Wide Grip Partial Deadlifts
The below article was written by a friend of mind-I have shown this exercise to many, many people, who have chronic bad backs, etc. and all have responded well with this movmement. kww
WIDE GRIP PARTIAL DEADLIFTS By David Maurice
Deadlifts are a great movement which involve most of the body. They are especially beneficial when done for moderate reps. When done with low reps, they can be a body wrecker, especially when the lifter is undisciplined or tries to lift too close to the limit too often. They can also be a body wrecker for those lifters who have body dimensions which make them inefficient deadlifters. Those lifters with short arms, which so often aid in a big bench press, may find themselves at a leverage disadvantage when deadlifting.
One response to the above problems has been to perform the quick pulls. These are very similar to the deadlift for that portion of the movement where the lifter take s the bar from the ground to about the knees, but these movements require less weight, so they are less likely to cause back rounding. Unfortunately that also means less weight on the bar for the rest of the movement. There is some compensation in this regard from the quick second pull. But the quick pulls have their own risks, both to backs and shoulders, and some people are less coordinated than others. Further, because the quick pulls are not done at levels close to the lifter's limits, multiple sets are usually done; some lifters simply do not enjoy training in this fashion.
Those who can do deadlifts safely and enjoy doing them will find them productive. Those who can do the quick pulls safely and enjoy doing them will find them productive. Those who push their limits in a lift for which they are poorly suited or trained may find that their training of that lift is unproductive, or even counterproductive in that they get injured. Lifters do get hurt performing all of these lifts.
For the lifter who is poorly suited for the above movements, or who simply wishes to gain the back benefits of such movements in comparative safety, there is a seldom used alternative which may merit trial. As the title gave away, that movement is the wide grip partial deadlift.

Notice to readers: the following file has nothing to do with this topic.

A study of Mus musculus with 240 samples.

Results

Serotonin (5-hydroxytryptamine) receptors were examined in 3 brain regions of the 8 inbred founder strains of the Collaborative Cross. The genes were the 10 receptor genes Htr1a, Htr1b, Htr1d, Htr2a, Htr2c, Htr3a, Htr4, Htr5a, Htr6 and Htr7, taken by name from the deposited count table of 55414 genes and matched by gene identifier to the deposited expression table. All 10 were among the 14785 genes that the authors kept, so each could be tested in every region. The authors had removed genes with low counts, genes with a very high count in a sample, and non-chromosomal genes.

To perform the wide grip partial deadlift, set up with blocks or in a power rack so that the bar is anywhere between just below your knee caps to the center of your knee caps. To get your grip width, flex your lats like you want to show off, and then put your straight arms out and resting on the lats (you'll look like a dork). Anywhere between there and arms about 45 degrees out from your body will work. Use a pronated grip and use straps. The performance of these is just like that of a regular deadlift from the midpoint position, only with a wider grip. To really get benefit out of these, the lifter has to be good at fighting to pull the bar back at all stages of the lift. None of this "arm hanging down" nonsense. Not only can that lead to back rounding, it can be very hard on the shoulders. Start with the bar right against the knees, and drag the bar up and down the thighs. Try to think row - you can't row such a heavy bar, but you can sure try to pull your shoulders back and try to to touch your shoulder blades to each other. Again, this is just like a deadlift; only your grip position and range of motion has been changed.
Compared to regular deadlifts, these hit the upper back harder, the middle back as hard or harder, and don't give up much for strengthening of the erectors. At the same time, they take enough off the pounding the hips and low back get from regular deadlifts so as to not interfere with squats in those individuals that find squatting and deadlifting heavy in the same week to be too much. By the same token, since these don't do as much for hips and thighs as conventional deadlifts, the lifter better be really getting the job done on those parts with squats or leg presses.
Compared to a conventional partial deadlift, these will do more for the back with less spinal loading. Compared to snatch grip deadlifts, they allow heavier weights over a similar range of motion for the back muscles, while reducing the odds of aggravating the low back. Most importantly, they offer even the clutzy or short armed individuals a way of loading the muscles loaded in a deadlift or dynamic pull in relative safety.